Photographs: Khaled Abdullah / Reuters
Saudi Arabia's Al-Waleed bin Talal is back in the spotlight for allegedly being one of the financers of the mosque near 9/11 Ground Zero in downtown Manhattan.
One of the richest men in the world, Prince Al-Waleed bin Talal bin Abdulaziz al-Saud has recently been named as being one of the financers behind the planned Islamic center in downtown Manhattan by Fox News -- which is owned by a company in which, ironically, he is also a major stakeholder, reports Foreign Policy magazine.
It is believed that bin Talal has pumped more than $300,000 into the project headed by New York imam Feisal Abdul Rauf as part of the prince's campaign to 'improve the image of Islam among the American public.'
It is to be noted that in October 2001, following the World Trade Center attacks, New York mayor Rudy Giuliani turned down a $10 million donation from Al-Waleed for disaster relief after the prince suggested the United States 'must address some of the issues that led to such a criminal attack,' and 're-examine its policies in the Middle East.'
However, Giuliani interpreted his statements as drawing 'a moral equivalency between liberal democracies like the United States, like Israel, and terrorist states and those who condone terrorism.'
Photographs: Stoyan Nenov / Reuters
The nephew of Saudi Arabian King Abdullah, Al-Waleed does not enjoy much power within the House of Saud or Saudi Arabia, but amassed a fortune through investments in real estate and the stock market.
The Forbes March 2010 listing valued his wealth at $19.4 billion, ranking him as the 19th richest person in the world. The wealthiest he has been in the last 10 years was in 2005, when he was worth $23.7 billion, making him the fifth-richest person in the world that year. At his lowest point in the last decade, he was ranked 22nd in 2009, when his wealth was valued at a mere $13.3 billion.
Two-thirds of Al-Waleed's wealth is tied up in Kingdom Holding Company, an investment vehicle. In 2010, Al-Waleed had a lucky break when, in the five weeks leading up to date Forbes uses to value the stocks of those it profiles, Kingdom shares rose 49 percent.
Apparently, the prince was never satisfied with the Forbes listings. So he invited one of its reporters to his Saudi palace, and told him that he was 'worth several billion dollars more than the conservative estimates Forbes printed in its list.'
Al-Waleed began his business career in 1979 upon graduation from Menlo College in Silicon Valley. The prince's activities as an investor came to prominence when he bought a substantial tranche of shares in Citicorp in the 1990s when that firm was in difficulties.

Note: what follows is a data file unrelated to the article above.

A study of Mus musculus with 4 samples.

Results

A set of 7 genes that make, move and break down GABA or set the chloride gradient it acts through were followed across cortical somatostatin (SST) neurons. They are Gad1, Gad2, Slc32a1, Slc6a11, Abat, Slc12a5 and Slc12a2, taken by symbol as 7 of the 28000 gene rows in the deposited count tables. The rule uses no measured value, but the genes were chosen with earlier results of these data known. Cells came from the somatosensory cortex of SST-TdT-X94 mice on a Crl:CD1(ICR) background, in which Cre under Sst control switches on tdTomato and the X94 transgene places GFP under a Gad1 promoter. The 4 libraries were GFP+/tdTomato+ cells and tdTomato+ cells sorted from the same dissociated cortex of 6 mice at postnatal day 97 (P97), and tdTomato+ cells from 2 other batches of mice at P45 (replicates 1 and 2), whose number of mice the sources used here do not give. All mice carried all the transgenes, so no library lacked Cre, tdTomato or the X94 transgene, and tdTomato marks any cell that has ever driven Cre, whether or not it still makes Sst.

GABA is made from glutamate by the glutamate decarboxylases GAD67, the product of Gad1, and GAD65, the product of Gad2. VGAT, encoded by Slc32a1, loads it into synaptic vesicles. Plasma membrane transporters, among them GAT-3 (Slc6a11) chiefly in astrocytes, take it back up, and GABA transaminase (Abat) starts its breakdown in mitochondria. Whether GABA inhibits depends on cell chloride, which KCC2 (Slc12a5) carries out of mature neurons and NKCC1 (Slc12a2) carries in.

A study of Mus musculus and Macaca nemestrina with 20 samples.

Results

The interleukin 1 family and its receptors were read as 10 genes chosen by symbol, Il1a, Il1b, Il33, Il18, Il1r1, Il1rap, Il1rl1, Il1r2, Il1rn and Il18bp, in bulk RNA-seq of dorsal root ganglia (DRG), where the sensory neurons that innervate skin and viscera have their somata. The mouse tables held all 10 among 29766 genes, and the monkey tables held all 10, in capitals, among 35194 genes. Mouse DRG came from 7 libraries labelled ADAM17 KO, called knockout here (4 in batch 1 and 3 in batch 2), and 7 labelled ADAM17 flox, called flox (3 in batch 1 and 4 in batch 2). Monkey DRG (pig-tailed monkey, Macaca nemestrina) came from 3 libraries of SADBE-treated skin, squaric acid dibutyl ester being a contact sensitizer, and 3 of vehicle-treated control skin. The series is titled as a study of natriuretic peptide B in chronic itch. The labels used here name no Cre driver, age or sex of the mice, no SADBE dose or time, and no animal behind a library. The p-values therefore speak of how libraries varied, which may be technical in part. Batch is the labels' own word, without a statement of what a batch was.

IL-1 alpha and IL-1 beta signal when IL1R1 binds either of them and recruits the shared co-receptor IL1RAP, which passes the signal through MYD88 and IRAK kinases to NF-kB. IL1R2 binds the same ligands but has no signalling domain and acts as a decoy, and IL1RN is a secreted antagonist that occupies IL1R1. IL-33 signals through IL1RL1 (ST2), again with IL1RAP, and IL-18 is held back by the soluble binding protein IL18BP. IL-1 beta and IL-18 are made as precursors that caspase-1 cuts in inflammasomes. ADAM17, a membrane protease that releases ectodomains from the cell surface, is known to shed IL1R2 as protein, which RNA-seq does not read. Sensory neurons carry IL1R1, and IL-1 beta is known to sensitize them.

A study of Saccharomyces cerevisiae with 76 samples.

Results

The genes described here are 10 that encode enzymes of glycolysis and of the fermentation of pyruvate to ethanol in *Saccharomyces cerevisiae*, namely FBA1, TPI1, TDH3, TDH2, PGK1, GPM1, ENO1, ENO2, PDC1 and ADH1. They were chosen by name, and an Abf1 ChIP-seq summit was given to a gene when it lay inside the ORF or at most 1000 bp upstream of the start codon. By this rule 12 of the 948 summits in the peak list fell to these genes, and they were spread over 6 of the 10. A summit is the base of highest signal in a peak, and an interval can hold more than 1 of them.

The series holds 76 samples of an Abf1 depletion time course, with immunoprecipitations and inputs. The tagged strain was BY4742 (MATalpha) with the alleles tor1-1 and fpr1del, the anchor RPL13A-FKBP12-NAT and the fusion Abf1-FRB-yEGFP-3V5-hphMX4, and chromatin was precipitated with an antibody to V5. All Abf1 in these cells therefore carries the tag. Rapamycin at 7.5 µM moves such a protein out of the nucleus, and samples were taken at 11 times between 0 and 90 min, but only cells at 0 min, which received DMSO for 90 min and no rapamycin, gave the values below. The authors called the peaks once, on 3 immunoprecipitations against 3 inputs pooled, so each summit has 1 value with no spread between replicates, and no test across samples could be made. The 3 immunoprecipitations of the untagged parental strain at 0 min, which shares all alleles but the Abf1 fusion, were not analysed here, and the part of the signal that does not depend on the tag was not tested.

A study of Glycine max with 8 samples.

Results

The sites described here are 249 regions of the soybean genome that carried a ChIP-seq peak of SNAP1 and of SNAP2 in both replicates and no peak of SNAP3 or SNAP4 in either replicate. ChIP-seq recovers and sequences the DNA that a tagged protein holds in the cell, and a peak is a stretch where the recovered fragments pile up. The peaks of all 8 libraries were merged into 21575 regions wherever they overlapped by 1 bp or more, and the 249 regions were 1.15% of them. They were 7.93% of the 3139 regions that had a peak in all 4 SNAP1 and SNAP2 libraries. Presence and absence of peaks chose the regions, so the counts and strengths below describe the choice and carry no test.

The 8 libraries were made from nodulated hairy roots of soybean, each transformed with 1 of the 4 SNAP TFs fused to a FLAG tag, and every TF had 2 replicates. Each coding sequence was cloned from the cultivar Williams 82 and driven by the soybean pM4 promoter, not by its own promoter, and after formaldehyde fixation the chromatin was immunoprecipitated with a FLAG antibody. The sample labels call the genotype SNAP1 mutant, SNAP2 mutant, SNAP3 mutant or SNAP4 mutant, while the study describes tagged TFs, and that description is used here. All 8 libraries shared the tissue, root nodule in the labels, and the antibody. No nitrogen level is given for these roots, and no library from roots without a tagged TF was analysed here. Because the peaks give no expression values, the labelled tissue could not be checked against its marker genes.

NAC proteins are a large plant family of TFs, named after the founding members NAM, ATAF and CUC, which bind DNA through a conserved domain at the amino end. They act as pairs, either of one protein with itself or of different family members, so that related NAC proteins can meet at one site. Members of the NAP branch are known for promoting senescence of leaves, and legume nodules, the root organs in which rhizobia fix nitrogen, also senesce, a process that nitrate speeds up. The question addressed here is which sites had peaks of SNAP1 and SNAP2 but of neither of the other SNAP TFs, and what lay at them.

With an initial investment of $550 million ($2.98 a share after adjusting for stock splits, acquisitions and spin-offs, according to Bloomberg calculations) to bail out Citibank caused by underperforming American real estate loans and Latin American businesses, his holdings in Citigroup now comprise for about $1 billion. His investments in Citibank earned him the title of Saudi Warren Buffett.
His real estate holdings have included large stakes in the Four Seasons hotel chain and the Plaza Hotel in New York. He sold half of his shares in the latter in August 2004.
In January 2005, Al-Waleed purchased the Savoy Hotel in London for an estimated $250 million, to be managed by Fairmont Hotels, where his sister, the Princess Sultana Nurul Al-Waleed owns an estimated 16 per cent stake.
In 2005, the prince also reportedly contributed $17 million to victims of the 2005 Indian Ocean earthquake which resulted in a tsunami.
Photographs: Wikimedia Commons
Al-Waleed owns the Kingdom 5KR, the 85.9-meter (282-foot) long luxurious yacht, which featured in a James Bond flick Never Say Never Again.
He has ordered a new yacht currently known as the New Kingdom 5KR which will be about 173 meters (557 feet) long and is estimated to cost over $500 million.
Al-Waleed also owns several aircrafts, all converted for private use: a Boeing 747, an Airbus 321 and an Hawker Siddeley 125.
Also on order is an Airbus A380, the world's largest passenger aircraft, which is scheduled for delivery in 2012.
This has been noted in the 2009 Guinness World Records as the largest private jet in the world.